New points system to reward more drivers
A new FORMULA 1 points system and ex-drivers joining the stewards rota were among the key changes voted for by the World Motor Sport Council in its first gathering under Jean Todt’s leadership in Monaco.
The old 10-8-6-5-4-3-2-1 system has been replaced by a new format that rewards the top 10 finishers on the basis of 25-20-15-10-8-6-5-3-2-1. Ninth and 10th places have been included ostensibly so that more drivers on the expanded 26-car grid have the chance to score.
Prior to the WMSC vote, the system was discussed and supported at the previous day’s meeting of the revamped F1 Commission. It was the first meeting of the body, which has been in limbo for several years, since the Concorde Agreement was signed in July. Bernie Ecclestone and new FIA president Todt were both present, so approval by the WMSC was a formality.
While the points weighting between the top three (and seventh) places remains the same, fourth, fifth, sixth and eighth are now worth less than they used to be relative to the score for a win. Fourth used to be worth 50 per cent of a victory, but the figure is now 40 per cent. Intriguingly, however, no title battles of the past decade would have produced different outcomes had they been run to the new system.
Sensibly, the changes put a greater emphasis on podium finishes, but one downside is that the new system is so different that any historical comparisons will now be impossible, and charting career totals for active drivers becomes meaningless.
The addition of the voice of ex-F1 drivers to the stewards system is a positive move, and will in theory lead to fairer calls on driving infringements. Hitherto there have been three stewards at each race, all drawn from the world of motoring clubs. Traditionally one is from the host country and two are from a pool of WMSC members. Over the past two seasons they have been joined by a non-voting chairman in the form of Alan Donnelly, a long-time FIA advisor.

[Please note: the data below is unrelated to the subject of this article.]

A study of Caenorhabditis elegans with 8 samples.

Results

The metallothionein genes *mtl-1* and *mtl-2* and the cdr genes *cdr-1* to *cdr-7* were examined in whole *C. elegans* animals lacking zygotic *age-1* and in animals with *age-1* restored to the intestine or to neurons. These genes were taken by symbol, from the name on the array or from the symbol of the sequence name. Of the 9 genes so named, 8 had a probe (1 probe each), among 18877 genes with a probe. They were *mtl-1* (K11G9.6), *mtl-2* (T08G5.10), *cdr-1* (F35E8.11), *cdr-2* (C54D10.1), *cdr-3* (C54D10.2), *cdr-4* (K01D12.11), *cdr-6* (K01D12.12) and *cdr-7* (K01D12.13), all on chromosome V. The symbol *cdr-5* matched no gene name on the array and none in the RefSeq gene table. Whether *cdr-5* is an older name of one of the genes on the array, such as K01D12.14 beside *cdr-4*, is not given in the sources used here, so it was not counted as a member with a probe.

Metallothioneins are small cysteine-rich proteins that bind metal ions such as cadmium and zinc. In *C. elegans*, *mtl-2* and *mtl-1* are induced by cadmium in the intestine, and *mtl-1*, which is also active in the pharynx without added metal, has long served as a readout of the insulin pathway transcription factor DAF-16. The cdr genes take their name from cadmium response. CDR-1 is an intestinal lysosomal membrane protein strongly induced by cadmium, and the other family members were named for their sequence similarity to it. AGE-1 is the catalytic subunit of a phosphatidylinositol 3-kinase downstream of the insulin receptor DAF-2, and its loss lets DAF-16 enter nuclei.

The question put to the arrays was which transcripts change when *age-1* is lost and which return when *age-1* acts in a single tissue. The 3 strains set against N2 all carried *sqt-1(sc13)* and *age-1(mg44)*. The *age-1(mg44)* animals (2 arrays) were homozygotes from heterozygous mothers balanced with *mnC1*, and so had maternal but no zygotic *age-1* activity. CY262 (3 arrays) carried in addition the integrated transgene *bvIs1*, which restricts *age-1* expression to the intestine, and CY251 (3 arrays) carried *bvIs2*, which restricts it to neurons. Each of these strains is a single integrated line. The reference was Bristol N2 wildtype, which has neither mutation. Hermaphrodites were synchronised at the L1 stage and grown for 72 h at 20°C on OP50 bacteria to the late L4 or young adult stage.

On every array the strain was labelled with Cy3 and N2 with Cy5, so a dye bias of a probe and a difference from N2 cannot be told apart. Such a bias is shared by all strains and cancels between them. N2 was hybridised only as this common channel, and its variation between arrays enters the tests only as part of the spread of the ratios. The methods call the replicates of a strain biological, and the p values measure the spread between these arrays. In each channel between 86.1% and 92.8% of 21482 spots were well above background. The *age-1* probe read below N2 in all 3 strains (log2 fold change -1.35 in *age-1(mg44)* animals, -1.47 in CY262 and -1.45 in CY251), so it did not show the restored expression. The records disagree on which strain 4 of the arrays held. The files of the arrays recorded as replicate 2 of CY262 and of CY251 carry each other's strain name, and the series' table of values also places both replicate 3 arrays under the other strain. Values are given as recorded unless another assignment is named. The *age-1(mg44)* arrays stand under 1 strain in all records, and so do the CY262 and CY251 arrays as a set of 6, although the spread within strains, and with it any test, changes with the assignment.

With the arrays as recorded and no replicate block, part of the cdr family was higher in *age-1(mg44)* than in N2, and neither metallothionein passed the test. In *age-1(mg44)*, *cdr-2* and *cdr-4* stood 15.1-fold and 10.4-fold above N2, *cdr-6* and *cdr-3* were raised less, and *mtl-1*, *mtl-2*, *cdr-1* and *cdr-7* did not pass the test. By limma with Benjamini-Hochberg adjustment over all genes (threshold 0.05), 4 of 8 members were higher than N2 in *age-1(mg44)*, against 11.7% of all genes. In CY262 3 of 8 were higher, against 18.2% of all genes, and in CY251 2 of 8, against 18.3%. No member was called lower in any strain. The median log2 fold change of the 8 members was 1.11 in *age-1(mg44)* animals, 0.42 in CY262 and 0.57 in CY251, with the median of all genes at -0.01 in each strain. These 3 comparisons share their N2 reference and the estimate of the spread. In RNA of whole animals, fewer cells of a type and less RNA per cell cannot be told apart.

Donnelly’s remit was to review the system, and now he’s done that his role has been dropped. Instead the regular stewards will be joined by an ex-driver, who is likely to have an advisory role and thus not actually vote. The stewards will elect their own chairman at each event.
No drivers have been named as yet for what is likely to be a rotating pool of three or four regulars, but Alain Prost is believed to be top of Todt’s list. The role may not prove attractive, however, because candidates will be expected to work on all four days of a Grand Prix meeting, steer clear of the media, and not be seen socialising with team members.
Another key change inspired by Todt is the introduction of a commissioner for every FIA World Championship, in effect replicating a role that Donnelly was covering in F1 in his parallel job as Mosley’s official representative at Grands Prix.
Personally proposed by Todt and reporting directly to him, the commissioners will be “tasked with supervising the general running of the championship and its development on behalf of the FIA. The commissioners are not empowered to take decisions or to perform any other act of a regulatory nature which may come under the remit (sporting, technical, organisational or disciplinary) accorded to the officials of the event by the International Sporting Code.”
Sources say that the F1 Commissioner, who will have to commit to all 19 race weekends, will be a former CEO of a ‘blue chip’ company.
Meanwhile Todt has seized some of the momentum created last year by FOTA and tasked the FIA Sporting Working Group to come up with ways of ‘improving the show’. Changes will be considered in January for possible introduction as early as this season.